Here is yet another alarming report about the state of our planet and its ability to sustain life as we know it:
If oceans suffocate, it is likely to hasten a great mass extinction. If human life becomes difficultly sustainable in the future, is the Dhamma not going to suffer as well, if not downright disappear when we see how few, even in Theravada countries, practice it properly (e.g. valuing respect for even basic Vinaya rules, opposing death penalty etc.) nowadays that life is still relatively easy compared to what it may become in the future?
Hence, does preserving the Dhamma also mean nowadays preserving conditions for sustainable human life on planet Earth?
We preserved the Dhamma for 2500 years.
What is lacking is not practicing it.
Because at multiple times intelligent and visionary people foresaw the problems to come and decided to act before it was too late. At other times, people did not do that and the Dhamma either died out in the region or nearly did.
I do not disagree that practice is lacking, and that having orders of magnitude more practitioners would help tremendously. But let me ask: is it easier to get orders of magnitude more people to become serious practitioners of the Dhamma or to get regular people to act for their own and their children’s survival?
Here is a quote from AN 5.78:
The time will come, though, when there is danger & an invasion of savage tribes. Taking power, they will surround the countryside. When there is danger, people will congregate where it is safe. There they will live packed & crowded together. When one is living packed & crowded together, it is not easy to pay attention to the Buddha’s teachings. It is not easy to reside in isolated forest or wilderness dwellings. Before this unwelcome, disagreeable, displeasing thing happens, let me first make an effort for the attaining of the as-yet-unattained, the reaching of the as-yet-unreached, the realization of the as-yet-unrealized, so that—endowed with that Dhamma—I will live in peace even when there is danger.’
“This is the fourth future danger that is just enough, when considered, for a monk—heedful, ardent, & resolute—to live for the attaining of the as-yet-unattained, the reaching of the as-yet-unreached, the realization of the as-yet-unrealized.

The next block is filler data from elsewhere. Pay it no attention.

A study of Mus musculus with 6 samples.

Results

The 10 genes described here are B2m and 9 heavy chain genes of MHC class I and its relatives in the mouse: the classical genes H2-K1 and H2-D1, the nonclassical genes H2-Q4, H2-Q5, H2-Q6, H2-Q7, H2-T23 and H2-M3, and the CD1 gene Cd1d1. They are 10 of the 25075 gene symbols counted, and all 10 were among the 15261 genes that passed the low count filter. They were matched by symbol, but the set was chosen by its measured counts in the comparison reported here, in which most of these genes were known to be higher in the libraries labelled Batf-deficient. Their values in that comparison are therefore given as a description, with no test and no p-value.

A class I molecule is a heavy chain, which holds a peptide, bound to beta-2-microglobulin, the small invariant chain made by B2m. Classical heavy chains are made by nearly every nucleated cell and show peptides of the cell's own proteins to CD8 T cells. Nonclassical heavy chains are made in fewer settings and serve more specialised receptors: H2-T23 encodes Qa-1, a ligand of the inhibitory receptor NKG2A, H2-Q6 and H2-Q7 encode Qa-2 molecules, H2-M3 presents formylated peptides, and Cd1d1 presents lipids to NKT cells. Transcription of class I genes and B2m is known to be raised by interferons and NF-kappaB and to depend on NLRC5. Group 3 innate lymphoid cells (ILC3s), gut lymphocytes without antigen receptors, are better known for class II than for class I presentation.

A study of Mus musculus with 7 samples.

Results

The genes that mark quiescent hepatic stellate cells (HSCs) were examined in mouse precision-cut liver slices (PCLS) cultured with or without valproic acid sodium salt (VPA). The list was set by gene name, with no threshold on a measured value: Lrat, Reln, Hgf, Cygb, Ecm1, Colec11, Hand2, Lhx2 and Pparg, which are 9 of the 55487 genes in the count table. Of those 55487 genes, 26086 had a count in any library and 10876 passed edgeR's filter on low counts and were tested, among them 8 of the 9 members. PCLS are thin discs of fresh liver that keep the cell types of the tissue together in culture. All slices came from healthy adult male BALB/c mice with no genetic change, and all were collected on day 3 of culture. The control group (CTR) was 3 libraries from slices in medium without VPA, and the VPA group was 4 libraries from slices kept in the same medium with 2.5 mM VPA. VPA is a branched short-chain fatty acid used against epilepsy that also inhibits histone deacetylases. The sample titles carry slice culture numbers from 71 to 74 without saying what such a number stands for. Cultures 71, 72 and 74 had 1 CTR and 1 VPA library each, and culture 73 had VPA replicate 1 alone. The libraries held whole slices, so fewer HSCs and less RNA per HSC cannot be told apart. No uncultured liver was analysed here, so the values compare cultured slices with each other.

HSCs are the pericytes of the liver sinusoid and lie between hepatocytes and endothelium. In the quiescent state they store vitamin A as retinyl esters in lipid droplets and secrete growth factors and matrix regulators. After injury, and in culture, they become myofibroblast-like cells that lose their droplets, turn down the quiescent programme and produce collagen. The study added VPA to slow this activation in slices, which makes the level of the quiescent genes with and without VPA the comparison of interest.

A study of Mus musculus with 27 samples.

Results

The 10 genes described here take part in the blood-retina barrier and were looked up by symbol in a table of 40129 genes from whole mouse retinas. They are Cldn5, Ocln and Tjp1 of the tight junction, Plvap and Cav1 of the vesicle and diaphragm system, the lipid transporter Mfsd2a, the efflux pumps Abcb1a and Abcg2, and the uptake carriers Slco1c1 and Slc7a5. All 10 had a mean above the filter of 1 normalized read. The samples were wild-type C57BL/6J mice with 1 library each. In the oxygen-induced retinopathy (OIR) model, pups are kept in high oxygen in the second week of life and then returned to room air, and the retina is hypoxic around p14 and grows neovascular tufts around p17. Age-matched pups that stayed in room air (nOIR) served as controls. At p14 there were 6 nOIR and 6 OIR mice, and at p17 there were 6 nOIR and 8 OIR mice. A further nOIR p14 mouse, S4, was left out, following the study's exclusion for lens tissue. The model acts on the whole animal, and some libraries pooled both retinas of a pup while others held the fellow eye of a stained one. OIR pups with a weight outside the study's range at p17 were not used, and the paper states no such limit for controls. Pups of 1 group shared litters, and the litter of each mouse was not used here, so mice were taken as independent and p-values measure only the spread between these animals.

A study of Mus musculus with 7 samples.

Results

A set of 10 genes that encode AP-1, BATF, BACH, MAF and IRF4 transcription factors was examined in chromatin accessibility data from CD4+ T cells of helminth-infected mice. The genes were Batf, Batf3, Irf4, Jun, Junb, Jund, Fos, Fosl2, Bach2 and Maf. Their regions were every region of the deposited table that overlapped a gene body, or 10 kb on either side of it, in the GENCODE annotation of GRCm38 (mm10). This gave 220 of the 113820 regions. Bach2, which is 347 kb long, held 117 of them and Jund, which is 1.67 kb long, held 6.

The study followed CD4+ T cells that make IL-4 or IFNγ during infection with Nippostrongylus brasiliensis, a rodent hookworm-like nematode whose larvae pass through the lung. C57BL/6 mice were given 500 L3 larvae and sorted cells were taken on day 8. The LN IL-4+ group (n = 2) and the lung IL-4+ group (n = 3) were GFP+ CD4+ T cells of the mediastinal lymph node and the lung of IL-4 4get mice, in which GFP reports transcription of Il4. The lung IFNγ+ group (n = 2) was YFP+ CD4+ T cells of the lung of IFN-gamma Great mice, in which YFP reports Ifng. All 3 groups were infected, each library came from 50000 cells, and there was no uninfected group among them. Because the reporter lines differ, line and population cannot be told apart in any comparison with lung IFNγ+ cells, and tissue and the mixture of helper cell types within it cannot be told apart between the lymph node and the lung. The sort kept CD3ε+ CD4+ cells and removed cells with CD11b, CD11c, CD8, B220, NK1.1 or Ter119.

So a monk is supposed to just accept the state of affairs, but is it not the job of lay people to provide for themselves and for the monks the proper conditions for Dhamma practice?
We know the Buddha said eventually the dhamma will disappear. Maybe it will disappear because people will partially disappear due to climate change.
The current climate change is the results of human volitional activities… If the dhamma were more practiced, would it have been enough?
That “what if” only matters if it affects volitional activities.
Why assume “this” human world is the same as the Buddha was born into? Would that affect volitional activity?
May all beings achieve liberation.
I am not sure I grasp the meaning of this
When younger, I came to an understanding that I was in hell. This was a very useful idea for a time.
This idea, like many others, lost its useful in this life. Or in some life!
If my post troubles anyone, please, just disregard (and perhaps roll the eyes). May all beings achieve liberation. May I use my life well, and make progress.
edit: I think I need to share a bit more, as I do not want to be mysterious, or a pariah. However I am going to do that in another post, and flag for Other review by admins, in case I over-share…
Earlier in this body’s life, I was in a great deal of pain, much of it psychological or social, some of it somatic or physical. Much of the pain was from the inescapable awareness that many people, many beings in this world, suffer terribly. Sometimes it seemed they suffered for no good or rational reason, that much pain was inflicted by human beings on one another. It made me angry, but it also hurt, and I could not escape the agony, no matter how hard or well I worked for the well being of others or myself.
Going numb was no relief. Meditating, praying, working for social justice, no real relief. Sleep with or without dreams was no relief. Decades go by. I was not a Buddhist, though I had studied a little about Buddhism in young adulthood.
Things happened. I suffered, and observed suffering (as we all do, and not always gracefully lol)
I started seriously studying Buddhism. It was when I accepted the idea that this world was hell, and numerous close encounters of my own mortality thanks to sleep apnea and other things, that I realized… I did not have to be in hell. A lot clicked.
So now I am a Buddhist. I see life and this world and people differently. lol I see Buddhism differently.
May all beings achieve liberation. May I use this life well, may we all do so, and achieve nibana.